A mother branded “Australia’s worst female serial killer” after being convicted of smothering her four children has been pardoned after nearly 20 years in jail.
Kathleen Folbigg, 55, spent almost two decades behind bars for murdering her children Patrick, Sarah and Laura – aged from eight months to 19 months –between 1991 and 1999.
She was also found guilty in 2003 of the manslaughter of her first-born child, Caleb, who was just 19 days old when he died in Newcastle, north of Sydney, in 1989.
But Folbigg has always maintained her innocence and lodged repeated appeals to overturn her convictions.
A 2019 inquiry into her conviction reinforced her guilt but a second probe conducted in 2022 suggested two of the children’s deaths were caused by a genetic mutation.
New South Wales attorney general Michael Daley said the probe had found reasonable doubt in the convictions, adding “given all that has happened.. it’s impossible not to feel sympathy for Kathleen”.
She was released from prison in Grafton, New South Wales, yesterday, a decade before her jail term was due to expire and five years before she would have become eligible for parole.
She said: “I am so elated, it is not funny. And I am nervous and I am everything. I’m still like, ‘Is this even happening? Oh my God’.”
Ms Folbigg said she planned to enjoy a T-bone steak and some fresh pyjamas on her first night of freedom.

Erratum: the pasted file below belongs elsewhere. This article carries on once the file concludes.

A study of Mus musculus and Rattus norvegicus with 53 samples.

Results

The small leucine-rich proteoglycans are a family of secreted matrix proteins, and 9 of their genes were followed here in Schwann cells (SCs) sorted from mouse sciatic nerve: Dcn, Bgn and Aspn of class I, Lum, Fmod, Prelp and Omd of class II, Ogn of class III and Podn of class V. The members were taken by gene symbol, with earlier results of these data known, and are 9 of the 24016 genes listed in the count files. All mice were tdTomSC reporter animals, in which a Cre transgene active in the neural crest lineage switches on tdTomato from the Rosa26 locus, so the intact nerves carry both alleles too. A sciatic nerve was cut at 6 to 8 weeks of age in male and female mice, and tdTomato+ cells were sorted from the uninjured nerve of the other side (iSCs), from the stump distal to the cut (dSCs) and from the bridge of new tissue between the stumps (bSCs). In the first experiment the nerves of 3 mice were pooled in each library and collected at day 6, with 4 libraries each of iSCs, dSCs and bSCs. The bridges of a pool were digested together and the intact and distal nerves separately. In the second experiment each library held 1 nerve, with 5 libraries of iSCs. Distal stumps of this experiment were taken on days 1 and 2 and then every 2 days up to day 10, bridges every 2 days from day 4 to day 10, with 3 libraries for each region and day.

Television footage also showed her marvelling at being able to use a metal spoon to stir her tea – something she was not allowed in prison.
Ms Folbigg said: “I can’t thank everybody enough for all of the support, and all the hard work that has gone into reaching this moment.
“I’m beyond happy, it’s ridiculous. I’m in shock, so thank you.”
Previous appeals and the inquiry carried out into the case in 2019 found no grounds for reasonable doubt.
But a new inquiry headed by retired judge Tom Bathurst advised there was a reasonable possibility three of the children had died of natural causes.
Sarah and Laura Folbigg’s deaths may have been caused by a genetic mutation known as CALM2-G114R that can cause sudden cardiac arrest.
Meanwhile, Patrick Folbigg may have been killed by an underlying neurogenetic disorder such as epilepsy. In relation to the death of Caleb, the inquiry found that “the coincidence and tendency evidence which was central to the Crown case falls away”.
Mr Bathurst said he was unable to accept the proposition that Ms Folbigg was “anything but a caring mother for her children”.
He also said the diary entries used to convict her in which the mother blamed herself for the deaths of her children were the writings of a grieving and possibly depressed person rather than admissions of harm or murder.
Mr Daley said: “We’ve got four little bubbas who are dead. We have a husband and wife who lost each other, a woman who spent 20 years in jail and a family that never had a chance.
“You’d not be human if you didn’t feel something about that.”
Peter Yates, a friend of Ms Folbigg, mentioned the possibility of compensation. He said: “I think people in New South Wales would expect that compensation to be very, very significant.”
The pardon does not strike out Ms Folbigg’s convictions, a decision to be taken by the Court of Criminal Appeal.